Thursday, February 28, 2008

Another Scientist's Take on Hermaphrodite Fish

I think we're all on the same page about the hermaphrodite fish surfacing in our waterways. In case you missed the first installment, Dr. Alan S. Kolok (an environmental toxicologist who's researched the effects of estrogenic compounds in wastewater treatment on the feminization of male fish) let Surely You Nest know that, although hormones are indeed untreated pollutants at this time, the real danger's not in the tap water we drink but the swimming holes we might choose. He convinced me to lose the bottled water, go back to the tap and resume filtering.

Up today is an interview with an environmental, analytical, and marine chemistry professor who's also studying estrogens in our waterways. My eternal gratitude to Dr. Yuegang Zuo, Professor, Department of Chemistry and Biochemistry, Graduate School of Marine Sciences and Technology, University of Massachusetts Dartmouth, for taking the time to answer my questions. Dr. Zuo recently conducted a study entitled Monitoring Estrogenic Hormones - Undesired Fish Contraceptives, and Investigating Their Sources, Transportation and Fate in Buzzards Bay, Massachusetts. I so appreciate his taking the time to consider my basic questions about water quality and safety.

My quick-and-dirty on this interview? Dr. Zuo notes that, although they're not yet designed to remove hormones, current wastewater treatment processes
actually do take care of some percentage of the estrogens. Glad to hear it. Also, he notes that livestock operations in the Midwest actually are polluting drinking water sources with hormones (scratch the tapwater there, folks. And if you live in D.C., make sure your water's lead-free before jumping on the local water bandwagon). Sounds like on many fronts, more research is needed. Many thanks to Dr. Zuo and Dr. Kolok for the ongoing work they're doing to figure out the causes of intersex fish and ramifications of hormones in our waterways.

***

Dear Dr. Zuo:

Please forgive this intrusion into your professional life, but I am a resident of Washington, DC who is concerned about the large numbers of intersex fish in the Potomac. I've contacted my local officials and WASA, the local water authority, and was told that since this is an "emerging pollutant of concern" that's not covered by the Clean Water Act, no action's being taken to treat DC water.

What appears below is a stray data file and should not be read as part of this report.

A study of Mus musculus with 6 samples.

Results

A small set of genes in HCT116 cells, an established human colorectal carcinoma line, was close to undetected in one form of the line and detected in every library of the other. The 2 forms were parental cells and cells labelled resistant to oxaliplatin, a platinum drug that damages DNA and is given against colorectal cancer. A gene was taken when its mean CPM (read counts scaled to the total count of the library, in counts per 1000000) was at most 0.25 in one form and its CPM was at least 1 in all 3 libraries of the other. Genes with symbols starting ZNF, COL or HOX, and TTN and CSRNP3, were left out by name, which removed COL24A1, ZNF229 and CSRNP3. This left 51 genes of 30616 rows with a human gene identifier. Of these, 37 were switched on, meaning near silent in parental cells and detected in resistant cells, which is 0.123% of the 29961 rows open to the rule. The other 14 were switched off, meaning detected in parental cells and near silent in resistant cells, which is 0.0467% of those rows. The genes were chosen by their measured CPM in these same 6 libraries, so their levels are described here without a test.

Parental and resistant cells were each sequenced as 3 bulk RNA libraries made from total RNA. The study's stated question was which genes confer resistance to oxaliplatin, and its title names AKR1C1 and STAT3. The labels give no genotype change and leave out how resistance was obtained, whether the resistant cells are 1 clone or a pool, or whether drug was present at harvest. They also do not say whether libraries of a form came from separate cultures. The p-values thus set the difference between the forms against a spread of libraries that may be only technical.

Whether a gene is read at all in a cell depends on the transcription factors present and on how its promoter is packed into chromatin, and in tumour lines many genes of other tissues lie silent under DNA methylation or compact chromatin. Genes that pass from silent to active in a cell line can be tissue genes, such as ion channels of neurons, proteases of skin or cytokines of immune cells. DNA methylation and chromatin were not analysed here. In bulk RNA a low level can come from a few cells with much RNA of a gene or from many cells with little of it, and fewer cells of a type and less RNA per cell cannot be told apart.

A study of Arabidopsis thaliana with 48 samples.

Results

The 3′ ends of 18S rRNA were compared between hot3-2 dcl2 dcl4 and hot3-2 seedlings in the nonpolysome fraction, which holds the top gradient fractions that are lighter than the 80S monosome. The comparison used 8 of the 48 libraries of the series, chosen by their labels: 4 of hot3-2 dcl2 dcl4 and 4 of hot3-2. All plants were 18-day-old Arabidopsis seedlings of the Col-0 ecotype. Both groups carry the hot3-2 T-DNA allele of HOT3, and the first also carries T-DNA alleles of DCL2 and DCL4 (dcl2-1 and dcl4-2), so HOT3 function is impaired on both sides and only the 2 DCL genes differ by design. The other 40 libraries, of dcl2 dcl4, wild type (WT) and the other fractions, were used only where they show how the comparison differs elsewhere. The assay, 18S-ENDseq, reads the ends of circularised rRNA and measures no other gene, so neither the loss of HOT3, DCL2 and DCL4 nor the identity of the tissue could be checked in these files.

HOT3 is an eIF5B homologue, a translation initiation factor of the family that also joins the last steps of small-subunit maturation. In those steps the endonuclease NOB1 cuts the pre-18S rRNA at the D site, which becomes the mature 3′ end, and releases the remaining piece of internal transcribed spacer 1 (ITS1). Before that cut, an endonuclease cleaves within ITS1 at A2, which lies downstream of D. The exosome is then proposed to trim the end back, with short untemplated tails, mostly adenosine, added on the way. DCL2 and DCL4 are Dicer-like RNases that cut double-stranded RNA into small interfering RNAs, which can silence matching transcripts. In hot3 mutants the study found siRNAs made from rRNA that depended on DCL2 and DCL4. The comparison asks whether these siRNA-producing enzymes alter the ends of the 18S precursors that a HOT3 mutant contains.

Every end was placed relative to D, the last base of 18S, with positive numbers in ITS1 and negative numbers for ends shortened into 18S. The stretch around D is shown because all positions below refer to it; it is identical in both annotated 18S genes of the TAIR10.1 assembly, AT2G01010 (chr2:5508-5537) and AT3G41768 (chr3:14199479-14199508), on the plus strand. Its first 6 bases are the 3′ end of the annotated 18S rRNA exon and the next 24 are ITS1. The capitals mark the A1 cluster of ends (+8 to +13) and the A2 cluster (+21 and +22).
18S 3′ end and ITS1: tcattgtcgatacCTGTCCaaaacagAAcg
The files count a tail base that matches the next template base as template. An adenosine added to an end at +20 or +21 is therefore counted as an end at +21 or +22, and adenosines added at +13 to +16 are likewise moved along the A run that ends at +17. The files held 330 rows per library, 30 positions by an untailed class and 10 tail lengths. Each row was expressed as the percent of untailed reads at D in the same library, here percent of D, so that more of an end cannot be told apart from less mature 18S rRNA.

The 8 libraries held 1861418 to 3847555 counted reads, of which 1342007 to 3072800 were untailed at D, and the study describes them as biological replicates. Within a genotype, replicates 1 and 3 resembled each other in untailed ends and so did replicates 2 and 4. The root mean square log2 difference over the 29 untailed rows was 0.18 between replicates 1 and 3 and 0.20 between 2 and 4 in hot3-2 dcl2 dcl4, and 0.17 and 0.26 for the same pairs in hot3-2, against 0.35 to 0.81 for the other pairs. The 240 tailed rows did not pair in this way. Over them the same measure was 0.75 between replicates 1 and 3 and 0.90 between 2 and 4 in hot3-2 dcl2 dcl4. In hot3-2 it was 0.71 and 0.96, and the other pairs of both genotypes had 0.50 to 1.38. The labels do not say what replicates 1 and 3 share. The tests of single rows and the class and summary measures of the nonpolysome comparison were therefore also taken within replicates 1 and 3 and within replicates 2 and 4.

Thank for your interest in the current research on estrogens and other endocrine disrupting pollutants in our aquatic environment. Your local officials and WASA were right that estrogens and other endocrine disrupting chemicals are a group of emerging environmental pollutants;

Furthermore, WASA indicated that there are no existing methods to treat wastewater to remove hormones. Just from surfing online, this seems not to be the case.

current waste water treatment processes are not designed to decompose these compounds; and they are not regulated by the environmental protection agency.

Do you know of cities in which wastewater treatment removes chemicals including estrogen?

Although the current waste water treatment processes are not designed to eliminate these pollutants, they do remove a significant fraction of these pollutant ranged from 10 ~ 90%. Both chlorination, UV-irradiation, microbial degradation and ozonation processes, which commonly used for the wastewater and drinking water treatment, can remove the concerned pollutants at least partially. However, the removal efficiency of the concerned pollutants has not been well studied yet.

Do you have any advice for me as I attempt to figure out a)how to get my water treatment facility to take this issue seriously?...and b)whether or not the hormones in my public water supply are of concern for my (small) children?

So far, most problems are associated with waste water effluents and livestock operation. Except sites contaminated by livestock operation in some Midwest locations, we have not noticed any drinking water contaminations by estrogenic hormones. To make sure, you may check if your city drinking water source is not contaminated by waste water effluents and livestock operation.

Best regards,

Yuegang Zuo, Ph.D.
Professor of Environmental, Analytical and Marine Chemistry

University of Massachusetts, Dartmouth

*photo courtesy of GNewman at sxc

3 comments:

katydidnot said...

um...yikes.

Burbanmom said...

Thanks so much for the information! I never knew that cattle operations had anything to do with this issue! Just one more reason not to eat beef, I guess!

fari bradley said...

This is a subject I've been following since the around the late 80s when a town was advertised as a desirable place to live for young couples here in the UK.
It was given a huge publicity drive to get people to move there. So many young 'family planners' moved there. I remember finding the story in a newspaper that local fish had been turning hermaphrodite as a result of the all the female hormones in the water. This has long since bugged me that we allow this to happen. I will not take the pill for this reason. Probably that is not enough, but have no idea what kind of pressure group, apart from amybe Greenapeace, could do something about this.